U.S. Military’s First Female General Dies
Anna Mae Hays, an Army nurse who served in a mud-caked jungle hospital in World War II, guided the Army Nurse Corps through the bloodiest years of the Vietnam War and became the first female general in American military history, died Jan. 7 at a retirement home in Washington. She was 97.
The cause was complications from a heart attack, said a niece, Doris Kressly.
The daughter of Salvation Army officers, Gen. Hays had dreamed of becoming a nurse since she was a young girl, wrapping bandages around the legs of a kitchen table where her parents frequently invited the infirm to dinner. She went on, in Vietnam, to oversee a 4,500-person nursing corps whose robust use of antibiotics, whole-blood transfusions and speedy helicopter evacuations was unforeseen when she began assisting doctors at a dirt-floored hospital in Ledo, India, in January 1943.
Koreas Talk Peace
Senior officials from the rival Koreas said Tuesday they would try to achieve a breakthrough in their long-strained ties as they sat for rare talks at the border to discuss how to cooperate in next month’s Winter Olympics in the South and other issues.
The Koreas’ first talks in two years were arranged after North Korea’s leader Kim Jong Un recently made an abrupt push for improved ties with South Korea after a year of elevated tensions with the outside world over his expanding nuclear and missile programs. Critics say Kim may be trying to divide Seoul and Washington in a bid to weaken international pressure and sanctions on the North.
“I think we should be engaged in these talks with an earnest, sincere manner to give a New Year’s first gift — precious results (of the talks) to the Korean nation,” chief North Korean delegate Ri Son Gwon said at the start of the negotiations, according to media footage from the venue. Ri wore a lapel pin with the images of Kim’s father and grandfather, late North Korean rulers Kim Jong Il and Kim Il Sung.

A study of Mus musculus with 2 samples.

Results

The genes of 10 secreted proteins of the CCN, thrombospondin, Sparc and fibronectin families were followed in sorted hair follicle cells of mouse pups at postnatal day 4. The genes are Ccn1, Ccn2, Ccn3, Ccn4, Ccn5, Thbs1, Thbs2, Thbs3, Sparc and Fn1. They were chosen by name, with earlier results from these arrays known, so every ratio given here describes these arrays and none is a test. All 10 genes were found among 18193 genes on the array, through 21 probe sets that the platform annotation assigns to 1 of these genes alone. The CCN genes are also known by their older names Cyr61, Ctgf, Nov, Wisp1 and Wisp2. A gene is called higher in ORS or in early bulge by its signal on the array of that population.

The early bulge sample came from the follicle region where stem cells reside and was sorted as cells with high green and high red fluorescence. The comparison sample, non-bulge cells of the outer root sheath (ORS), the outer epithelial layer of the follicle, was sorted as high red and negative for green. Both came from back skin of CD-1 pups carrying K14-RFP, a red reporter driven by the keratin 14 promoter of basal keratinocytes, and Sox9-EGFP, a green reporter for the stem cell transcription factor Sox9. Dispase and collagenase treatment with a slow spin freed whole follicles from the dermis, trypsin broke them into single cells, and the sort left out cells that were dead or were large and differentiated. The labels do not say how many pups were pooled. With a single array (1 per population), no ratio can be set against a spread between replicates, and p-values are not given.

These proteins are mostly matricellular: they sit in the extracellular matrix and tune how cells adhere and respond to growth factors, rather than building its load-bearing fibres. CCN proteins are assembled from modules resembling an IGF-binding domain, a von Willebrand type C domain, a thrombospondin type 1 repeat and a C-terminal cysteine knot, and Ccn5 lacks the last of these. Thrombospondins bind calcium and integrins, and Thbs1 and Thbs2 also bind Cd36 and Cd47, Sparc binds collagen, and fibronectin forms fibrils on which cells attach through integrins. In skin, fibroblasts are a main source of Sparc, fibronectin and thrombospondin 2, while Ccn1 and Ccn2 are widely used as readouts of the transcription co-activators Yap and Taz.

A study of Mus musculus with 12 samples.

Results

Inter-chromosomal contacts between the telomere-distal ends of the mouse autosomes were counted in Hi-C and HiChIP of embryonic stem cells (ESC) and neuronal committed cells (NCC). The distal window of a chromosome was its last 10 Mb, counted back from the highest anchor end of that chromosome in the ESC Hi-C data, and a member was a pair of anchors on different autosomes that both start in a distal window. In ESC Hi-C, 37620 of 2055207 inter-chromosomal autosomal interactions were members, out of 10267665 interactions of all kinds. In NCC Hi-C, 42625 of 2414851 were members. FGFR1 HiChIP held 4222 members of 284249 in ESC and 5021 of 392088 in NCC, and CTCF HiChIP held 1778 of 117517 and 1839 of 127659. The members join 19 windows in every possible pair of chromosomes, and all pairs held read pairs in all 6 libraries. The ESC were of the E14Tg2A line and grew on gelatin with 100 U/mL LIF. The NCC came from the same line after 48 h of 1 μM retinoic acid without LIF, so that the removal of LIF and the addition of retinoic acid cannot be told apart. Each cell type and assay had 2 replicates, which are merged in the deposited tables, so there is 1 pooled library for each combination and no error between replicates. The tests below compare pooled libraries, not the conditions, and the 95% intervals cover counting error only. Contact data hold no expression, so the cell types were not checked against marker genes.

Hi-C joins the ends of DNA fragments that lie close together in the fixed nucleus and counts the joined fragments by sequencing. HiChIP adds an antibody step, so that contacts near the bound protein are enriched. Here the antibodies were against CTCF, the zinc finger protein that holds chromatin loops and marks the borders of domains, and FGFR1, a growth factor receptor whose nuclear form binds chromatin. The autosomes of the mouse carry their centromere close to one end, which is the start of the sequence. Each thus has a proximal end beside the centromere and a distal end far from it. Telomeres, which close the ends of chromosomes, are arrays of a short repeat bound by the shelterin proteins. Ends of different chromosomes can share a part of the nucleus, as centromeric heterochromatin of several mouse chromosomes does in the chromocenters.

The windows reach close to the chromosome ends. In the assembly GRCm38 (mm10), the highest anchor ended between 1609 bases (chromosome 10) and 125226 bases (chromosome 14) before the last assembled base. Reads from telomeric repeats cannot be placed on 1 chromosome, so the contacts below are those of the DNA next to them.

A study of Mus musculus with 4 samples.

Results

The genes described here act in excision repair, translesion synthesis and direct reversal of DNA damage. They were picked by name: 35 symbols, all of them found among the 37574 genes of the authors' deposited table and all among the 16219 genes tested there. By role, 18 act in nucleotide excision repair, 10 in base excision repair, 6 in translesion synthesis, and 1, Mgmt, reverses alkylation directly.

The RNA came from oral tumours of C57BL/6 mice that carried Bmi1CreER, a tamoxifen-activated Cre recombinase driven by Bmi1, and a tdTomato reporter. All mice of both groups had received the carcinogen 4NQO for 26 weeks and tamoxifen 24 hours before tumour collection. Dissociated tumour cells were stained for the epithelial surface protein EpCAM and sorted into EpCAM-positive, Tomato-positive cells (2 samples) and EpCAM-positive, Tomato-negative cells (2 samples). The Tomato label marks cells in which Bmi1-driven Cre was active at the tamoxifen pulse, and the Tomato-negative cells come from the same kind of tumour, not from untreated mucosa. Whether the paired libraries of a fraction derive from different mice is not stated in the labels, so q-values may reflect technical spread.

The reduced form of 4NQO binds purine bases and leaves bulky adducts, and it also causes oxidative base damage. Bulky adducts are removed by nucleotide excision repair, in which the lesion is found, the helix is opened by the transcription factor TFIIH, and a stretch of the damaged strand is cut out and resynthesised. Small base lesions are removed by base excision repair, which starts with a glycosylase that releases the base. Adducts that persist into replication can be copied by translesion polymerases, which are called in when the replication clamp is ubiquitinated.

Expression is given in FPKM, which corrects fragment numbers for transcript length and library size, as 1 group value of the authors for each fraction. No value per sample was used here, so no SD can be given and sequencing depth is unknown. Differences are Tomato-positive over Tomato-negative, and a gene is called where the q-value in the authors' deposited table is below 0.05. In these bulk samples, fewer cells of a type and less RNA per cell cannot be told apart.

Ri’s South Korean counterpart, Unification Minister Cho Myoung-gyon, said he also hopes they would come up with a “good gift” that would satisfy Korean people’s wishes for better ties. “There is a saying ‘well begun is half done.’ I’d like us to have will and patience to resolve (issues) at the negotiation,” Cho said.
US Seeks Dismissal of Hazing Lawsuit after Marine Death
The U.S. government is asking a judge to dismiss a $100 million lawsuit over the death of a Marine recruit from Michigan.
The government says military injuries or deaths can’t be turned into federal litigation. Assistant U.S. Attorney Zak Toomey says Raheel Siddiqui’s death was a “tragedy,” and the U.S. Marines Corps has taken it “extremely seriously.”
Twenty-year-old Siddiqui died in 2016 in Parris Island, South Carolina. The Marine Corps said he took his own life by jumping from a stairwell after a confrontation with a drill instructor. The Corps also said it uncovered widespread hazing of recruits and young drill instructors dating back to 2015.
Marine Earns Highest Noncombat Honor
A supply officer was awarded the nation’s highest valor award for noncombat bravery after saving the lives of three divers and an onlooker caught in a rip current in Japan.
1st Lt. Aaron Cranford of 3rd Reconnaissance Battalion was awarded the rare medal Monday at a ceremony on Camp Schwab, Okinawa, Japan.
While finishing up a 35-minute recreational dive with some Marine Corps officers at Onna Point, Okinawa, on April 23, 2017, the Marines noticed several other divers appeared to be in distress as dive conditions started to worsen.